Nintendo President Satoru Iwata's predictably vague keynote was long on rhetoric and short of details. He pointed out that Wii sales worldwide have bumped past the magic 50 million milepost. The salient detail isn't the number but the timeframe: The Wii is officially the fastest selling video game doohickey in history. Add 100 million DS handhelds sold worldwide to Nintendo's bragging rights.
The rest of the keynote was short on anything revelatory. Iwata mentioned a U.S. version of the Japanese DS game Rhythm Heaven, a musical screen-tapper in which you're supposed to pair a beat with different musical tunes. He chatted up a new Wii Ware game for the Wii Balance Board dubbed Rock 'n Roll Climber that — get this — lets you mimic the motions of climbing a rock wall, then snatch up a virtual guitar and jam. He talked about a few new Virtual Console Arcade games, mostly Final Fantasy stuff like My Life as a Darklord and Final Fantasy IV: The After Years (Ahem, "The After Years"? Hey guys, what happened to the Final Fantasy XII English location team?)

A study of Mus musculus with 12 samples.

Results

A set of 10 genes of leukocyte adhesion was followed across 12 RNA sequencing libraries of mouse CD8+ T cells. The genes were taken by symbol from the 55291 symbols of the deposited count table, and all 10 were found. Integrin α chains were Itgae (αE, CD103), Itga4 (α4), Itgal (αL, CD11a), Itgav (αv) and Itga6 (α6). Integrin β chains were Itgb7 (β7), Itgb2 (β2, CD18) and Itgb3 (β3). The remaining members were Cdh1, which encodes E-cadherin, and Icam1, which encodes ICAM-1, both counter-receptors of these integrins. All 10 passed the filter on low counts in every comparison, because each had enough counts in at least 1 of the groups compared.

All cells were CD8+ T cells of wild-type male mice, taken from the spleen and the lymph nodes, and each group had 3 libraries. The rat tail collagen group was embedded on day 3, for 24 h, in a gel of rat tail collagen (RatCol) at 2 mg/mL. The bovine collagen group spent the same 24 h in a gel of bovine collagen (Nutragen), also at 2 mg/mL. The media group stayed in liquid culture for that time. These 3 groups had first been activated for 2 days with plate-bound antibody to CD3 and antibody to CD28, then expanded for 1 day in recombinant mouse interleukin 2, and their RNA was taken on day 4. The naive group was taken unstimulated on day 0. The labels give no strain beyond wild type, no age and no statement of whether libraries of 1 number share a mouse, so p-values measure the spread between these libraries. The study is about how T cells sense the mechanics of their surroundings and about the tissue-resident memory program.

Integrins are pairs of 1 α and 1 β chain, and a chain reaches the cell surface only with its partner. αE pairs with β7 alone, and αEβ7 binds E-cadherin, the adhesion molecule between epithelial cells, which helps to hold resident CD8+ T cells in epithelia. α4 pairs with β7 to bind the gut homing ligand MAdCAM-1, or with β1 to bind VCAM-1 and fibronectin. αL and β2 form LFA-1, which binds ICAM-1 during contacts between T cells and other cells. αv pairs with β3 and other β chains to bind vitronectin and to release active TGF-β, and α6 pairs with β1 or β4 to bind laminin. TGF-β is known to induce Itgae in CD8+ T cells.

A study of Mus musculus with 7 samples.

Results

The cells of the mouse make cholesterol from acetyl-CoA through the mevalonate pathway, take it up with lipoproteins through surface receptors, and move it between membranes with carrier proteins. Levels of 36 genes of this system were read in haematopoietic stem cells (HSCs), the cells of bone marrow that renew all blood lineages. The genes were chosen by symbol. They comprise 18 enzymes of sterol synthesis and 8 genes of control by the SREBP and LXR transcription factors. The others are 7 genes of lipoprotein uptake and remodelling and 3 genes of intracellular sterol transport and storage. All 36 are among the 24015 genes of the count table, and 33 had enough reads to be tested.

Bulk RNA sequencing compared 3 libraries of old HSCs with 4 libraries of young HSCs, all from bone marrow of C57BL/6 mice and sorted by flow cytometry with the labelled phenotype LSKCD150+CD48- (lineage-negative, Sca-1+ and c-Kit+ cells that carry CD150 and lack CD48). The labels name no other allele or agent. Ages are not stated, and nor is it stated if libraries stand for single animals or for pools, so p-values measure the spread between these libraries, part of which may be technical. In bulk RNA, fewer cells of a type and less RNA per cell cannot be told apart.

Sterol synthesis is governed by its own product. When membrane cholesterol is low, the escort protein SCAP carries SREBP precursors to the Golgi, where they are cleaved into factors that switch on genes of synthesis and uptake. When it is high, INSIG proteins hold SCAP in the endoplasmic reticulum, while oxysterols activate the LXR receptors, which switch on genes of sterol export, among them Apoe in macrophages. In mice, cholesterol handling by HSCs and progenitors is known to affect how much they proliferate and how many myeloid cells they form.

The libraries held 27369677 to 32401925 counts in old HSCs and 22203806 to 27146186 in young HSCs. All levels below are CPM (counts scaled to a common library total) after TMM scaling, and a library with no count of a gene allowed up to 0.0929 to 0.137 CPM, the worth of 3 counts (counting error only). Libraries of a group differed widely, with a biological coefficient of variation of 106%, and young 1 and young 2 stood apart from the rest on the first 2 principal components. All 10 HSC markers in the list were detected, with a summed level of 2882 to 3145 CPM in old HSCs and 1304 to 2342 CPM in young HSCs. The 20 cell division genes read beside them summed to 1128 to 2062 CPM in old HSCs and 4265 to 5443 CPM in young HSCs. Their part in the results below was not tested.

Oh yeah, and Iwata mentioned a new Zelda game for the DS, The Legend of Zelda: Spirit Tracks, due out sometime later this year. Think Phantom Hourglass but with an upgradeable train instead of a boat.
Let's get this straight: I love Zelda as much as the next gamer, but when Nintendo's answer to our pleas for newer, cooler games is to trot out more of the same, pardon me if I don't leap up and click my sneakers together.
Last up: A tweak to Wii Ware that'll allow gamers to save or load games straight to/from SD memory cards.
Alright, that last one's kind of cool.